Last week, MPs rejected placing a new duty on water companies to reduce raw sewage discharges into English rivers.

An activist protests at Downing Street against raw sewage dumping in the rivers and seas around the UK.
An activist protests at Downing Street against raw sewage dumping in the rivers and seas around the UK.
Image: Tayfun Salci

THE BRITISH GOVERNMENT has u-turned by deciding to put legal duties on water companies dumping raw sewage in rivers across the country despite whipping Tory MPs to vote down similar proposals last week.

The Department for Environment, Food and Rural Affairs (Defra) said the Environment Bill “will be further strengthened with an amendment that will see a duty enshrined in law to ensure water companies secure a progressive reduction in the adverse impacts of discharges from storm overflows”.

The department said the amendment it would bring forward in the Commons would be “very similar to amendment 45”, which peers have been debating in the House of Lords.

The announcement comes after campaigners, including Surfers Against Sewage, said they were disappointed that 268 MPs – against 204 – disagreed with proposals to amend the bill to reduce raw sewage discharges into rivers and demonstrate reductions in the harm caused by the discharges.

Sewage can be pumped out of the sewerage system and into rivers through combined sewer overflows – otherwise known as a storm overflow or release valve. The overflows are designed to release excess water following heavy rain or a storm to stop sewage backing up into homes.

Failures to reduce sewage discharges ‘unacceptable’

Huw Merriman, Tory MP for Bexhill and Battle, told BBC News on Tuesday: “We cannot have sewage being put into our seas. Our seas are unclean and unhealthy to swim in, and people’s lives are blighted because, when they see heavy rainfall, they then worry about sewage coming into their households.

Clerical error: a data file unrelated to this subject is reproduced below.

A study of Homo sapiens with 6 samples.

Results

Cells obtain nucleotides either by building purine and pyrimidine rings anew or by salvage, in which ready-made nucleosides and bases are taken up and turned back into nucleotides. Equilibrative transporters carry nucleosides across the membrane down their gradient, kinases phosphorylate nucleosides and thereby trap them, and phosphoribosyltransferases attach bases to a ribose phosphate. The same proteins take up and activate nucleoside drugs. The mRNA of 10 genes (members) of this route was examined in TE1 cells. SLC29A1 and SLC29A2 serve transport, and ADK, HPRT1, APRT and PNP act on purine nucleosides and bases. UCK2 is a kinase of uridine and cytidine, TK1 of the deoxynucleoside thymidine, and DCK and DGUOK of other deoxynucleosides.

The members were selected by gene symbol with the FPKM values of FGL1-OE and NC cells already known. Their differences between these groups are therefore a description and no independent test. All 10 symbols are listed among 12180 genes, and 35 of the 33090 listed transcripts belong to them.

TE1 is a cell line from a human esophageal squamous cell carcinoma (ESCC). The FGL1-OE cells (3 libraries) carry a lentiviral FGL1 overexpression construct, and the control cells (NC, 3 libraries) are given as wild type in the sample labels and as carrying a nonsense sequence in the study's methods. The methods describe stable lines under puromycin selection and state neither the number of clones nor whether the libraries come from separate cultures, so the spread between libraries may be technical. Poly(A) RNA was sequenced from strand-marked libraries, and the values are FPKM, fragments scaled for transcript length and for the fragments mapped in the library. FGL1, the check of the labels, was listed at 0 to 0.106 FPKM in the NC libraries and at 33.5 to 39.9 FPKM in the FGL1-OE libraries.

British Prime Minister Boris Johnson’s official spokesman said earlier today: “We completely agree that the current failure of water companies to adequately reduce sewage discharges is unacceptable.”

The spokesman added that the amendment put forward “remains un-costed”, but “the initial assessments are over £150 billion and that would mean that individuals – every one of us as taxpayers – paying potentially thousands of pounds each as a result.”

Downing Street said that, as a result, “it’s not right to sign a blank cheque on behalf of customers without understanding the trade-offs and the bills that would be involved”, but “tougher legal duties” are being placed on water companies and “we will continue to listen to MPs who have legitimate concerns”.

The u-turn

But this evening, the UK’s Environment Secretary George Eustice said: “Earlier this summer, the government published a new strategy for Ofwat mandating them to progressively reduce the discharge of sewage from storm overflows in the next pricing review.

Following a debate in the House of Commons last week during the final stages of the Environment Bill, today we are announcing that we will put that commitment on a statutory footing with a new clause.


The Shadow Defra secretary, Luke Pollard, said: “People are right to be upset at the dreadful state of England’s rivers. Not one English river is in a healthy condition and there has been zero improvement since 2016.

Pollard added: “It should not have taken a public outcry for this Government to take the scandal of raw sewage being discharged into our rivers seriously.

“Having spent the past few days defending their position, this screeching u-turn will do little to convince the public that the health of our rivers, rather than the health of Conservative polling, is at the forefront of ministers’ minds.

“The Government still has no clear plan and no grip on the issue of raw sewage being pumped into our seas and rivers.”